I’ve been using Adventure Kids awesome collection of single cycle waveforms (AKWF) to use with the TB2. His collection is so extensive that I haven’t really bothered to make my own. It turns out that rolling your own is really simple. Here’s how to go about it in Audacity (chosen here because it’s free and cross-platform).
The basics requirements for a single cycle waveform to use with the TB2 are as follows:
- 600 samples
To generate a tone, do so at a frequency of 73.4Hz, or D2. Adventure Kid calls this D2 + 2, but I’m not sure what the +2 is for.
Here’s how to do it in Audacity step-by-step:
- Create a new file with File/New and select 44100 from the Project Rate (Hz) drop down menu if it’s not the default (click on the screenshots to enlarge).
- Next, we’ll create a tone as a basis to work on. Select Generate/Tone to open the tone generator.
- Choose any one of the waveshapes in the Waveform field (we’ll use a sine). Input 73.4 in the Frequency (Hz) field. You can leave the Amplitude field at the default 0.8, or enter 1 to normalize the waveshape. In the Duration field, select samples from the drop down menu and enter 000,000,600.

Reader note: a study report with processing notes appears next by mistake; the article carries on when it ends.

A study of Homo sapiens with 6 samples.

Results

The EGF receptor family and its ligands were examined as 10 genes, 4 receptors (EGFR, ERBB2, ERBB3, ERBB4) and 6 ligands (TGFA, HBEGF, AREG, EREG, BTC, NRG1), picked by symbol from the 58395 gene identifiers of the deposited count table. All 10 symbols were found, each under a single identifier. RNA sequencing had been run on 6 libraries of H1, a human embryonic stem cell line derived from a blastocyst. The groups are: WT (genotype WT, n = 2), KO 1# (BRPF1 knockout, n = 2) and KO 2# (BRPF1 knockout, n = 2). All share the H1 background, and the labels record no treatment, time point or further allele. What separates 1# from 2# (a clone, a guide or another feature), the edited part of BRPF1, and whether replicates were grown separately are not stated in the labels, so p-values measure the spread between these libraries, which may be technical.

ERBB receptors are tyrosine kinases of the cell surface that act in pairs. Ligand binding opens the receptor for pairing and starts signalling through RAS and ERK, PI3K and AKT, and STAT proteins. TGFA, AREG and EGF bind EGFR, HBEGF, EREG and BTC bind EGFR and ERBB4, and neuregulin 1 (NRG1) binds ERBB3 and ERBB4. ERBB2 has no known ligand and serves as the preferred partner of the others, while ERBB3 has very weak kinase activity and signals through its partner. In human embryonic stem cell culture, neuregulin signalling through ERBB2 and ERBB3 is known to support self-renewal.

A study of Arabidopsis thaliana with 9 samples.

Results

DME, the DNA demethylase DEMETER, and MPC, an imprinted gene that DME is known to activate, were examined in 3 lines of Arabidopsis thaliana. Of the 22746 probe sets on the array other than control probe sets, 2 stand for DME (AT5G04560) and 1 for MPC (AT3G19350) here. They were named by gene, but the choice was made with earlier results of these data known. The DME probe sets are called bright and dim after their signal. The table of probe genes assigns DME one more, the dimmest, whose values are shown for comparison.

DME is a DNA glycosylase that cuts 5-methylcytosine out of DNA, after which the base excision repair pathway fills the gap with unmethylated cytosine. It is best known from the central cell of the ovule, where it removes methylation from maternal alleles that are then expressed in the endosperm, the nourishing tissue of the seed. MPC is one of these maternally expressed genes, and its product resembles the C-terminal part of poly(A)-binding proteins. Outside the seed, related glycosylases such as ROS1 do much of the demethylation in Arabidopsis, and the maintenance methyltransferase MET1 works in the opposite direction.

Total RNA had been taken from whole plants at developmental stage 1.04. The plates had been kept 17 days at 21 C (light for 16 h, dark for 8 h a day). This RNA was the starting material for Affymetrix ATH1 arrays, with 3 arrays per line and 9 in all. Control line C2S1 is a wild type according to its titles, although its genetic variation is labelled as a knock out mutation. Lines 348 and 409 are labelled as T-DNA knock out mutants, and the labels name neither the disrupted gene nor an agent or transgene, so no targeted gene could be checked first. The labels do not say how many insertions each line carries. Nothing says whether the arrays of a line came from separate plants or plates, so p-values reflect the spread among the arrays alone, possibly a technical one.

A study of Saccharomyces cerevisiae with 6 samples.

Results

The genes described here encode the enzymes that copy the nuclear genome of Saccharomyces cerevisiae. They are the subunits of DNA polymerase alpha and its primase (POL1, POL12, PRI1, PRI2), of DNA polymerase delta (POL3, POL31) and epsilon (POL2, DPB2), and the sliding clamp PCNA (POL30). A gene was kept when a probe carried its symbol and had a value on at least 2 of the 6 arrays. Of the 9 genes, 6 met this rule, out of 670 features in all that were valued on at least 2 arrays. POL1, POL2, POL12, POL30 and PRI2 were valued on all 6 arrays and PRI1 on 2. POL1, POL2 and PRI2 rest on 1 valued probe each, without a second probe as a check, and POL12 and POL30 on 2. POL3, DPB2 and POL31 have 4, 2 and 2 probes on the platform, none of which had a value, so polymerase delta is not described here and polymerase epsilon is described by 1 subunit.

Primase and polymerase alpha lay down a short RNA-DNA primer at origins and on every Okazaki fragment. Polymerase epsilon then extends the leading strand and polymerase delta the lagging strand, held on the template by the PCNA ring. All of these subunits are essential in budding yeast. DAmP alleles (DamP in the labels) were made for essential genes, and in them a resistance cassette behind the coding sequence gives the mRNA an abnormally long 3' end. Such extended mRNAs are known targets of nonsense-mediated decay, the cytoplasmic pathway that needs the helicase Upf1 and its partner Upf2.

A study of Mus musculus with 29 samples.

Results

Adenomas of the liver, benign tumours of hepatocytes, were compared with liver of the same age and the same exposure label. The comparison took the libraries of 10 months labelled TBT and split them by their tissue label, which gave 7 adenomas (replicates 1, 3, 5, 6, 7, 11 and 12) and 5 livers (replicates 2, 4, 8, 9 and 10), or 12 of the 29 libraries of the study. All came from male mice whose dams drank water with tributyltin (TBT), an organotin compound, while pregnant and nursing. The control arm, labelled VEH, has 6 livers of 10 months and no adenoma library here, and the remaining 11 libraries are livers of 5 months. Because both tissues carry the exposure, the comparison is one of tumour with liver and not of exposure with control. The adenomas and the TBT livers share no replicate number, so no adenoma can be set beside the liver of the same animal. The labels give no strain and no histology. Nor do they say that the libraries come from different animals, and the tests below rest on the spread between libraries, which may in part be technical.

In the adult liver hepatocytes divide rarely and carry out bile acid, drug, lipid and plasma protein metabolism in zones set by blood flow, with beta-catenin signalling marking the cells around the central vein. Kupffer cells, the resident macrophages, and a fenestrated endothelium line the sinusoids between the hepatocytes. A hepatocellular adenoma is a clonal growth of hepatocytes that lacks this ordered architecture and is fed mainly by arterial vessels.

- Click OK to generate the waveshape.
- The easiest way to alter the waveshape is to draw on the existing shape with the pen tool.
- To draw on the waveshape you’ll need to zoom in until you can see the individual samples. Then, go wild!
- To listen to your waveshape, hold shift and click on play button (holding shift will loop the playback).
- When you’re done, you’re ready to export. Before you do, make sure the bit depth for the sample is set to 16bit. Under the Audio Track drop down menu, choose Set Sample Format/16-bit PCM.
- Choose File/Export Audio and enter a name for your sample (remember that the TB2 uses the 8.3 naming convention – longer names will be truncated). Under Save as type, select WAV (Microsoft) signed 16 bit PCM.
- Click OK, and just click OK again on the Edit Metadata page.
- All done! To use your waveshape with either of the two oscillators, or with the LFO, simply pop the wav-file on an SD card.